Pettis Norman

No. 84, 88
Position: Tight end / Split end
Personal information
Date of birth: (1939-01-04) January 4, 1939 (age 78)
Place of birth: Lincolnton, Georgia
Height: 6 ft 3 in (1.91 m)
Weight: 222 lb (101 kg)
Career information
High school: West Charlotte (NC)
College: Johnson C. Smith
AFL draft: 1962 / Round: 16 / Pick: 123
Career history
 * Offseason and/or practice squad member only
Career highlights and awards
  • 2x All-CIAA selection (1960, 1961)
Career NFL statistics
Games: 162
Player stats at
Player stats at PFR

Pettis Burch Norman (born January 4, 1939) is a former professional American football tight end in the National Football League for the Dallas Cowboys and the San Diego Chargers. He played college football for Johnson C. Smith University.

Early years[edit]

Norman attended West Charlotte High School where he made the team until his junior season and became a starter in his final year. He was going to enlist in the Air Force until he received a football scholarship from Johnson C. Smith University by then coach Eddie McGirt, without ever having seen him play.

He was named the starter and team MVP at split end as a freshman.[1] He would eventually become a two-time All-CIAA selection. He also lettered in track and field.

The university's annual award given to the school's most outstanding student-athlete is named after him.[2] In 1977, he was inducted into the Central Intercollegiate Athletic Association Hall of Fame.

Professional career[edit]

Dallas Cowboys[edit]

Norman was drafted by the Dallas Texans in the 16th round (123rd overall) of the 1962 AFL Draft, but he wasn't selected in the NFL Draft, after dropping because the Texans spread rumors that they had already signed him to a contract. This situation influenced him to choose instead to play for the Dallas Cowboys as an undrafted free agent.

He was initially used as a split end and started 6 games in 1963, before being moved to tight end because he excelled in blocking. The next year he became a full-time starter and manned the Cowboys tight end position for nearly a decade, becoming part of the franchise's legacy of great tight ends that included: Jim Doran, Dick Bielski, Lee Folkins, Mike Ditka, Billy Joe Dupree, Jackie Smith, Doug Cosbie, Jay Novacek and Jason Witten.

When Ditka joined the Cowboys in 1969 after having been a 4 time All-Pro tight end with the Chicago Bears, Norman remained the starter, but split playing time with Ditka to provide great blocking and leadership along the offensive line. He also started Super Bowl V, which was a loss to the Baltimore Colts.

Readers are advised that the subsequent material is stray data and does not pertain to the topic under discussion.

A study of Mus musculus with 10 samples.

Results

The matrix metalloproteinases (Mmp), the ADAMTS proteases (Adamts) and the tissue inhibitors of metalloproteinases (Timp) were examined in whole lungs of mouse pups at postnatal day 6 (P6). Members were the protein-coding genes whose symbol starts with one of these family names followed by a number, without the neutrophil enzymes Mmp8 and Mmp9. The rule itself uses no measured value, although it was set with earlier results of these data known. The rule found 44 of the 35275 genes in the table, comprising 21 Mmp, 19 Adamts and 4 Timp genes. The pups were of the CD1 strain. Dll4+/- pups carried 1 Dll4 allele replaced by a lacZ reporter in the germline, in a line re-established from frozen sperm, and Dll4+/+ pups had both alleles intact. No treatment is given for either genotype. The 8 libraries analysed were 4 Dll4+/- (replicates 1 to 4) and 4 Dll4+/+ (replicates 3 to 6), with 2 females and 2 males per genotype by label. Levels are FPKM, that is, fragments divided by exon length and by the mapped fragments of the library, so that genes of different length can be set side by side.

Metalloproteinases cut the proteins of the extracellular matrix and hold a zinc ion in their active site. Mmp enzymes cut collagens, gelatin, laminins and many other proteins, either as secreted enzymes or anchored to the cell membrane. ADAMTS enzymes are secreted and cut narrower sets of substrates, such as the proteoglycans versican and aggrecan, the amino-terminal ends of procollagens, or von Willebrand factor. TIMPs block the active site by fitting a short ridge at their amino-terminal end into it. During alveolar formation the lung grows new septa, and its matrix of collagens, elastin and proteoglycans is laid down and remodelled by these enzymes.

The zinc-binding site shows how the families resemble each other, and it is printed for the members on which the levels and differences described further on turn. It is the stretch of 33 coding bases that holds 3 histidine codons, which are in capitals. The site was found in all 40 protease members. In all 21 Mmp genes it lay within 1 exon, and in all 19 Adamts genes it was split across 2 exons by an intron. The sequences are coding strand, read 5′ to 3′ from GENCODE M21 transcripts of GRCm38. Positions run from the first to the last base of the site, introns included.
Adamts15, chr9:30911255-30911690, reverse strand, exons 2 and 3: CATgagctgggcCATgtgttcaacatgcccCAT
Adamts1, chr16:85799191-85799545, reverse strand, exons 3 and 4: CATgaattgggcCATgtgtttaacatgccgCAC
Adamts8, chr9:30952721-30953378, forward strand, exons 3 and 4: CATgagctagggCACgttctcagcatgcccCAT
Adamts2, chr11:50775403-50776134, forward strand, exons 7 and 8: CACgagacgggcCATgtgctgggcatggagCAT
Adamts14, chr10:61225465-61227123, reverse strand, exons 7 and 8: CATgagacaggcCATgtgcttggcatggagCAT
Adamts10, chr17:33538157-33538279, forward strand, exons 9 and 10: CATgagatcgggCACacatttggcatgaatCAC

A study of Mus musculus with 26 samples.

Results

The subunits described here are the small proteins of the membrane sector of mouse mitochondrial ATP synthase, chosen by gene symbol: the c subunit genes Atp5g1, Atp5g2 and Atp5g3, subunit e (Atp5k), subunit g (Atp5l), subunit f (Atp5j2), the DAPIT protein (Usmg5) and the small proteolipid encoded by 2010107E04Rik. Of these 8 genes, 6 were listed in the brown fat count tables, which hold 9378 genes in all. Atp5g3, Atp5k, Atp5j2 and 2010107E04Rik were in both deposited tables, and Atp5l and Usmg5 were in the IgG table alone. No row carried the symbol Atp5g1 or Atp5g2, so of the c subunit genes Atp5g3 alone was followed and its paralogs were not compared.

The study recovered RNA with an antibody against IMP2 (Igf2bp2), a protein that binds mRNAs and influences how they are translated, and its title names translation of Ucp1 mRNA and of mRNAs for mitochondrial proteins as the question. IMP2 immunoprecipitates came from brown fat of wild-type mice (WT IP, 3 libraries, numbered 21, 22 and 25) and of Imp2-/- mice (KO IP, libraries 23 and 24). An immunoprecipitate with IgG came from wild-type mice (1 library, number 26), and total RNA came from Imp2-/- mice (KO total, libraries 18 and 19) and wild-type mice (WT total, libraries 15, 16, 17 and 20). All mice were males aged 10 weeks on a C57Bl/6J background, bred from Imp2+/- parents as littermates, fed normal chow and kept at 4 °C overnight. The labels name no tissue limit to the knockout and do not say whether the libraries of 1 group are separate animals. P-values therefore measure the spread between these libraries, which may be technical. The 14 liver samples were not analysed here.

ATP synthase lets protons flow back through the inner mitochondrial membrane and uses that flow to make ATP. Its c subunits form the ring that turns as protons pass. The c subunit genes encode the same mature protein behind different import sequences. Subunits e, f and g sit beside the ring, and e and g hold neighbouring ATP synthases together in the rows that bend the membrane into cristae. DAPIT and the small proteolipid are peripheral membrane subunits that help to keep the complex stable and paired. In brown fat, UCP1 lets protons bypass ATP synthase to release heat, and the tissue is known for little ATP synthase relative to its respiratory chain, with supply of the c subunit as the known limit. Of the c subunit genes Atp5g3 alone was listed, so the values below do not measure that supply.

The sports announcer Jack Buck during his two-year stint covering the Cowboys, famously referred to him on the air as Norman Pettis. Prompting Blackie Sherrod a sportswriter in Dallas, to write: "Dallas fans are tired of Pettis Norman constantly being referred to as Norman Pettis by broadcaster Buck Jack".

After trading the troubled Lance Rentzel, the Cowboys replaced him with future hall of famer Lance Alworth and Norman was sent to the San Diego Chargers as part of the "Bambi trade" in May 1971, that also involved Ron East and Tony Liscio.[3]

San Diego Chargers[edit]

In his first season with the San Diego Chargers, he was named the starter at tight end and had a career high 27 catches for 358 yards. He played with the Chargers until he retired after the 1973 season because of a degenerative knee condition, having played 12 years and 162 games, receiving 183 passes for 2,492 yards and 15 touchdowns.

Personal life[edit]

Norman was active in changing the segregationist climate within the Cowboys and later the city of Dallas, helping organized civil rights marches, influencing the changing of the team's roommate assignments and breaking social barriers.[4] He also became a successful businessman in different ventures (fast food franchises, real state, transportation, convenience stores, etc.).[5]

He sued the Dallas Cowboys and San Diego Chargers, claiming medical negligence in the handling of his injured knee.[6][7]

December 2, 2014 Dallas Police Department reported Sharneen Norman, who also went by "Shawn," died from a gunshot wound. She was one of three of Norman's children.[8]